Ouch: Emirates Miles Take Another Hit With Huge Fee Increases


But ever since, the hits just keep coming. For starters, Emirates has repeatedly raised award rates whether you're flying to Dubai (DXB) and beyond or between the U.S. and Europe. But here's what's arguably worse: Fees on award tickets have been hiked several times, too. You can now expect to pay roughly $840 in taxes and fees – plus all those miles – for most premium cabin redemptions on Emirates… for just a one-way flight.

Last year, you could book a one-way flight in Emirates business class from Los Angeles (LAX) to Dubai (DXB) for 131,250 miles and $181 and change. While a $181 tax bill is nothing to sneeze at, it was manageable.

emirates tax increase business class 

Today, that same flight will cost you 157,500 Emirates miles … and more than $837 in taxes and fees, too. That's astounding. You'll see a similar amount of taxes on awards flying Emirates first class, too – on almost every route in their network. Ouch.

emirates fuel surcharge 

Why such an increase? Blame fuel prices.

When gas prices go up, airlines don't hesitate to pass some of that cost onto travelers in the form of higher fuel surcharges: YQ charges, in the industry lingo. And when fuel prices eventually drop … well, these surcharges often stay high.

You can see that in this nifty fare breakdown from ITA Matrix. Some airlines decide not to pass these charges onto flyers redeeming their miles. Unfortunately, Emirates isn't one of them.

emirates ita matrix screenshot 

Read our guide on the best ways to avoid hefty fees when using your miles!

If there's one silver lining here, it's that Emirates' fun fifth-freedom routes from the U.S. to Europe aren't getting hit nearly as hard with these fee hikes. Emirates flies from Newark (EWR) to Athens (ATH) as well as New York City (JFK) to Milan (MXP) – a route operated on Emirates' excellent Airbus A380. While flying Emirates business class roundtrip to Dubai would cost you nearly $1,800 in taxes and fees, you'll still pay under $250 on these European routes – plus 108,000 miles or more.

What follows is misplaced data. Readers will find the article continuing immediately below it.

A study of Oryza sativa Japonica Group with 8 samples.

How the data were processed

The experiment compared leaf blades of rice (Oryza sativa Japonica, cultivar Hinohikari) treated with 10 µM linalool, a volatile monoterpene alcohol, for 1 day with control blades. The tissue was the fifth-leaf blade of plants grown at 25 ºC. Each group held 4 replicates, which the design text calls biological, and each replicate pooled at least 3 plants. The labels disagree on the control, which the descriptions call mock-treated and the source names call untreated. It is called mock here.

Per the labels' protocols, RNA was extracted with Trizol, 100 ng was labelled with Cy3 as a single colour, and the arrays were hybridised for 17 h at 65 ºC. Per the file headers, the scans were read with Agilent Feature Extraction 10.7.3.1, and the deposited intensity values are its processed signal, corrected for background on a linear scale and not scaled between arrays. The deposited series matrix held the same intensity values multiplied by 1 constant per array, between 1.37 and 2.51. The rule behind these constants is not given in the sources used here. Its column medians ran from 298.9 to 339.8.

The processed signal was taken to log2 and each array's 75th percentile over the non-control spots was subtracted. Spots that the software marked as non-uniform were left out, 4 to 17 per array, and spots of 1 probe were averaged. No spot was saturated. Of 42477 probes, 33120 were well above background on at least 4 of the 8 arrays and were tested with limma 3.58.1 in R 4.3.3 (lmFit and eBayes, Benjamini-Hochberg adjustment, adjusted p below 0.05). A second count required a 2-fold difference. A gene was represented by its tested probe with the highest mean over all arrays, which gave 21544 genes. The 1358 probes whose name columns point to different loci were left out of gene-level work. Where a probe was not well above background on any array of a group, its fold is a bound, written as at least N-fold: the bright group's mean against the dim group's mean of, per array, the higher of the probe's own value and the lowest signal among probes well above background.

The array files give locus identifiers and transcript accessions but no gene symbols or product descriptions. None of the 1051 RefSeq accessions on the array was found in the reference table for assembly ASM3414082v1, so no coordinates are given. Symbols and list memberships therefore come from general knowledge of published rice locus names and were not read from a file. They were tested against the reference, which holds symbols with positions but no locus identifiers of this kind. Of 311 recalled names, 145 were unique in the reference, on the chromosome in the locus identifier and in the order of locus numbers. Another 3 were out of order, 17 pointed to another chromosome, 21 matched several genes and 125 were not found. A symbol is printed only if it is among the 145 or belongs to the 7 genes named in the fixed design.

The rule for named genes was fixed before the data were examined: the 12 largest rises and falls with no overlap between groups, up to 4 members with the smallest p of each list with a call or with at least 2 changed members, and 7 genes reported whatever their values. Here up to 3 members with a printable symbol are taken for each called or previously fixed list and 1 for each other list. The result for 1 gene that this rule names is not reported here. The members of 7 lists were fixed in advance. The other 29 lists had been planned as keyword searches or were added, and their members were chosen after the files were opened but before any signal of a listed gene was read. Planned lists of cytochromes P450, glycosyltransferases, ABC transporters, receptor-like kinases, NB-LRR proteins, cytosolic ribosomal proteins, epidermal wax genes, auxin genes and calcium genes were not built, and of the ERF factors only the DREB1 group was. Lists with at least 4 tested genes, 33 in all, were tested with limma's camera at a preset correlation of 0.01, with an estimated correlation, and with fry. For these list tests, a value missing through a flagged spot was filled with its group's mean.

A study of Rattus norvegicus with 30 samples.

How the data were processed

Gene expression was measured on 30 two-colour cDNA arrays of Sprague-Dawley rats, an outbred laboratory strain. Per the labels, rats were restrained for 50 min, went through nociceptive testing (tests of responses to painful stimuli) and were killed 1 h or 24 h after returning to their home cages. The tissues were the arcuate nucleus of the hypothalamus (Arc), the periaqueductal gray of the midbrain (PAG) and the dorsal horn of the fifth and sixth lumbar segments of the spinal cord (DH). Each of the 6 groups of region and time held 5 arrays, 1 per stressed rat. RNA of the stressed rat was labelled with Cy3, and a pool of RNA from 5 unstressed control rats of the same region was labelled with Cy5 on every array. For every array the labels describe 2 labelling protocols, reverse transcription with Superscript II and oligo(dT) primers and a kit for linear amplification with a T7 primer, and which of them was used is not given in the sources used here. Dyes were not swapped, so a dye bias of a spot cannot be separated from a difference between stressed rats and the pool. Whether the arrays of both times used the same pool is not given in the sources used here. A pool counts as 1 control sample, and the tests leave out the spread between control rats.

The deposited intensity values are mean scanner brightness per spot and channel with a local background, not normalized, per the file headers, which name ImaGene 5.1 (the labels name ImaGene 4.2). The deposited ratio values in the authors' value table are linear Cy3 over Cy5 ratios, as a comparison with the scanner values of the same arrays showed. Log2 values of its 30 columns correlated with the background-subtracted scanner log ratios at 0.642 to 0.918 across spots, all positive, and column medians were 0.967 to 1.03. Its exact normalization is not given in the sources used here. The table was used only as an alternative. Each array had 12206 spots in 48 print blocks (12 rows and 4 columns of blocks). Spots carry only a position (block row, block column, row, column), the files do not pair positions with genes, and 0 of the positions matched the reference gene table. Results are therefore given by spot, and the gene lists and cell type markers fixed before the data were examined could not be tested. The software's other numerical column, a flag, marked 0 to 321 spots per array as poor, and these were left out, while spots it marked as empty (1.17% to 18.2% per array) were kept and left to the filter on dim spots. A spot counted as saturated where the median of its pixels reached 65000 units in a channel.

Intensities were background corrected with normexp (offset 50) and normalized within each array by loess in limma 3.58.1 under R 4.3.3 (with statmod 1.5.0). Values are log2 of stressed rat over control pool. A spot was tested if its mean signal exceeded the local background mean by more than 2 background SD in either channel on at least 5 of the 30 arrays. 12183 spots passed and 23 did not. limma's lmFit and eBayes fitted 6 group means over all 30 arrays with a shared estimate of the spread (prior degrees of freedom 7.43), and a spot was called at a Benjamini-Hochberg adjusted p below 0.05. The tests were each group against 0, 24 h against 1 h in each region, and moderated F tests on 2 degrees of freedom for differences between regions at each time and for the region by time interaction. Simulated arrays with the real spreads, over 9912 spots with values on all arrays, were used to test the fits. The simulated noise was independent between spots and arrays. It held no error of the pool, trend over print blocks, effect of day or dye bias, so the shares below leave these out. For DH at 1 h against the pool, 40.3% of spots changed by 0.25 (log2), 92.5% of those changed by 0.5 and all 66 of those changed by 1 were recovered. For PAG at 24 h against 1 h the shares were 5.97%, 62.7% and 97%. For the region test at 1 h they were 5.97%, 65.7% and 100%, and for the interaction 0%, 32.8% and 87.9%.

New York to Milan for 108k Emirates miles roundtrip in business class 

Whether it's $5.60 on a one-way domestic flight or $1,000-plus on a British Airways first class redemption to London-Heathrow (LHR), paying some cash is an unavoidable part of the points and miles world. One of the biggest battles in using points and miles wisely is all about limiting those cash costs, using airline programs that don't pass on such substantial taxes and fees.

Unfortunately, Emirates has made that much, much harder. And seeing as the airline has limited the ability to book its flights through partner airlines by ending its partnership with Alaska Airlines, which was once the go-to way to book Emirates First Class – you might just have to stomach these higher cash costs if you're set on flying up front with the Dubai-based airline.

Thrifty Tip: Try booking Emirates through Air Canada Aeroplan to save your cash!


Bottom Line

This hurts, Emirates. This really hurts.

Emirates Skywards have emerged as far and away the best way to book Emirates business and first class flights. But now taxes on these award tickets have increased to practically laughable levels.

Editorial Disclaimer: Opinions expressed here are the author’s alone, not those of any bank, credit card issuer, airlines or hotel chain, and have not been reviewed, approved or otherwise endorsed by any of these entities.

Disclaimer: The responses below are not provided or commissioned by the bank advertiser. Responses have not been reviewed, approved or otherwise endorsed by the bank advertiser. It is not the bank advertiser’s responsibility to ensure all posts and/or questions are answered.